If we focus on what is seen, heard, touched and is located on the earth in Luke’s account of Pentecost (Acts 2:1-21), we can gain a sense of what are the material effects of the incarnation and the descent of the Spirit. If we’ve encountered the reality of God come in Jesus of Nazareth, the Passion, Resurrection, and Ascension, we will have seen it, it will have a material effect. This material manifestation is oriented towards a goal, that is only understood if we know how to interpret what we are seeing hearing and handling. These manifestations show God’s work on the earth. God’s work is to restore the relationship between God and God’s creation, to reconcile humanity and God. The purpose of God’s work in the world is relational, and is born out of God’s desire for us and for all creation: the work of God in the earth is aimed towards relationship and love.
Using the above framework, we can look at the manifestations of Pentecost and their interpretations given to us by Luke in his recounting of the Descent of the Spirit on the Church. First the manifestation and its effect are things that are evident and noticeable. Sound of wind, tongues of fire that are seen, languages spoken. Those who wanted to discount what was happening couldn’t deny the event they simply gave it another explanation, the drunkenness of the individuals around whom the commotion started. But the manifestations aren’t random either. Sound of wind, tongues of fire: These are consistent forms of epiphany and theophany that the people of Israel have known and experienced. They aren’t new, remixed yes, entirely new, no. God manifesting God’s presence through meteorological phenomenon especially wind, and in fire is consistent with the giving of the Torah at Mount Sinai, which the celebration of Pentecost marks. The effect of the coming of the Spirit as a continuation of the work of Jesus Christ, does so in continuity with the work of God in human history in people Israel. The manifestation and effect is relational and reconciling, it bridges gaps and breaks down barriers that simply are the case in the world. Languages and location and identity divide us as human beings, on the Day of Pentecost God uses what divides to bring together, and shows that the intended effect of the incarnation and the passion is to bring together, to reconcile in relationship. Furthermore, Peter in referencing Joel tells us the effect is intended for all no mater one’s social location or identity and the speaking of all languages from all parts o the earth shows that your geographical location doesn’t matter. Yet the descent of the Spirit also doesn’t erase those differences or identities, rather the work of God makes possible relationship and connection where such seems impossible or difficult. Lastly, it shakes up what is considered inevitable, simply set in the nature of the cosmos, or dictated by the powerful. Peter tells us that what we have seen in the descent of the Holy Spirit is the same as the cosmic powers of Sun and Moon being changed, shaken and upended.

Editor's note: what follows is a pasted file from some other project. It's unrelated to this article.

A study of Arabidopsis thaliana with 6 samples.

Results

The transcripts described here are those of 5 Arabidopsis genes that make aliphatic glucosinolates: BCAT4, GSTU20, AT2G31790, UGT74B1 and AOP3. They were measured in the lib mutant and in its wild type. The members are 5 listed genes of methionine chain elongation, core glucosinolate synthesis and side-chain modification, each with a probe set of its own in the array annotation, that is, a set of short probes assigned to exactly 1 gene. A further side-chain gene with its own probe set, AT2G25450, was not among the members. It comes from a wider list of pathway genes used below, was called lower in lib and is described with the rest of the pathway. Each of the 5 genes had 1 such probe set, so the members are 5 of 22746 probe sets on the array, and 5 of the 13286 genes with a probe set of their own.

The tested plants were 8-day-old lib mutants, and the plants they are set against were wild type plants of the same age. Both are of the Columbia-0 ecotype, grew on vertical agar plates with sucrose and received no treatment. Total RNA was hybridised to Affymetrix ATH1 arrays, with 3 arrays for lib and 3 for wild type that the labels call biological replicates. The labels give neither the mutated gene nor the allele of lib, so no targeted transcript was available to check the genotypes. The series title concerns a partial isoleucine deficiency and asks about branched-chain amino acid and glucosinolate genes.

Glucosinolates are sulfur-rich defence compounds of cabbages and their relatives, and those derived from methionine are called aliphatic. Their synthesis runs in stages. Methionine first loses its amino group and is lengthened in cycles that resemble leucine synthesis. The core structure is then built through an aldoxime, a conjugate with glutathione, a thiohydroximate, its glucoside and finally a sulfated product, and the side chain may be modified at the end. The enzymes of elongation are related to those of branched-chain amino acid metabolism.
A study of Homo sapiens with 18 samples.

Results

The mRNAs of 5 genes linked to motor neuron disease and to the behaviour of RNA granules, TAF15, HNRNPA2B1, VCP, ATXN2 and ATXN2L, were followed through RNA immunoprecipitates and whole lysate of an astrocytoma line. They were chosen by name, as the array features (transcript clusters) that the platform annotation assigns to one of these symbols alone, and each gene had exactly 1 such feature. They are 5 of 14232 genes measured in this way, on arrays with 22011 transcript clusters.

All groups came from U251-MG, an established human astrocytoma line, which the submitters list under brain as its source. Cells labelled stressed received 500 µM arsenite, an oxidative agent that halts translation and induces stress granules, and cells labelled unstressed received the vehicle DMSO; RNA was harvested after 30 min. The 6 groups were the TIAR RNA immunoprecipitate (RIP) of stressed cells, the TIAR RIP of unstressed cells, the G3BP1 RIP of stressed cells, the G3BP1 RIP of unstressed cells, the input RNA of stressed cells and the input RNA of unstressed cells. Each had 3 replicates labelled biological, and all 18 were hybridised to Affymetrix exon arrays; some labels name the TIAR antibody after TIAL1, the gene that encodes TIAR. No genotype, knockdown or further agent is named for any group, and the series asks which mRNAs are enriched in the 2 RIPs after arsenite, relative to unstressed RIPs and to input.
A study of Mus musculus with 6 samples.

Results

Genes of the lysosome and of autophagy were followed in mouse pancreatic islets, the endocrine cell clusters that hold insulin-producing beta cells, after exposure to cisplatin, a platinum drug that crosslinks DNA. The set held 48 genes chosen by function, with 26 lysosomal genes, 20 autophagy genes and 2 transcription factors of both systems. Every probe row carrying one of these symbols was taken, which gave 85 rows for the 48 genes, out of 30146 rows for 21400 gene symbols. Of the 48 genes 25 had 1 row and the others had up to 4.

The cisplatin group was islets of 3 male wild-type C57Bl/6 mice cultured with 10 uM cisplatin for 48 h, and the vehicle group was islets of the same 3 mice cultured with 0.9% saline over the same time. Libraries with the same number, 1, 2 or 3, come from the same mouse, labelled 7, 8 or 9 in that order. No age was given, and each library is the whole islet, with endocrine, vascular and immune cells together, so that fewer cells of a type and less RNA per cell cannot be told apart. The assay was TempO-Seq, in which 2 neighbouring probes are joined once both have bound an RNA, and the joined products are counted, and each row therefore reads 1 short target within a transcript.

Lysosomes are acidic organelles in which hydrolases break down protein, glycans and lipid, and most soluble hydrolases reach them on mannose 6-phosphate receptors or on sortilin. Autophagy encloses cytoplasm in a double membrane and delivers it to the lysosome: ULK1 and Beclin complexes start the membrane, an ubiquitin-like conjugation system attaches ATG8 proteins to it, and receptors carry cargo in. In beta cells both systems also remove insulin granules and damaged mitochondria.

On this Pentecost, what might we take from all of this? First, Pentecostal and Charismatic manifestations and signs and wonders aren’t meant to be ends in themselves, without interpretation they are dead ends. Yet, to ridicule or otherwise diminish them is to deny the incarnation. To so ridicule or diminish is to deny that salvation is earthly and material. The story of God’s activity in the world to reconcile God and God’s creation that begins with Abraham and is brought to fulfillment in Jesus of Nazareth. If we attend to that story we will see that this reconciliation this transformation isn’t an escape from materiality and the earth, but is a deep and profound affirmation of all that God created. Yet, many of the material conditions of our current worldly existence are at odds with God’s transforming and reconciling work on the earth and in the entire cosmos. The miraculous, or signs and wonders, are manifestations, epiphanies, that are meant to point out how and where God is at work. We members of Christ’s body, the Church, should be both where these manifestations appear and those who are looking for these theophany. Yet, these epiphanies and theophany aren’t only the miraculous. We should find, in various ways, a transformed and reconciled and transfigured world replacing the world as we know it and find it.
The Church isn’t supposed to be seeking merely the reform of worldly structures and certainly isn’t supposed to be a means of escape from this earthly existence, rather it is to up end the worldly powers whatever name they go by: socialist, communist, capitalist, neoliberal, progressive, conservative, democracy, monarchy, ad infinitum. God came to earth to transform and redeem and reconcile God’s creation the physical and material created universe, seen and unseen. The signs of the descent of the Holy Spirit at Pentecost and the signs and wonders that manifested around the early Church and show up again throughout history, show us that God means to transform our material existence. God’s reconciling work is for the earth, for all creation, for the entire universe. Our very existence is to be transformed, and it happens in time, in history and on earth. Yet, the work of God is also not from history, nor is it historical nor merely material. This is the incarnation, this is the coming of the Spirit, this is the meaning and reality of the Church in germ. Look, listen, be sent into the world so that we may truly see where God is at work and be ourselves individual and corporately sites of God’s reconciling and transfiguring work on earth, upending all world systems.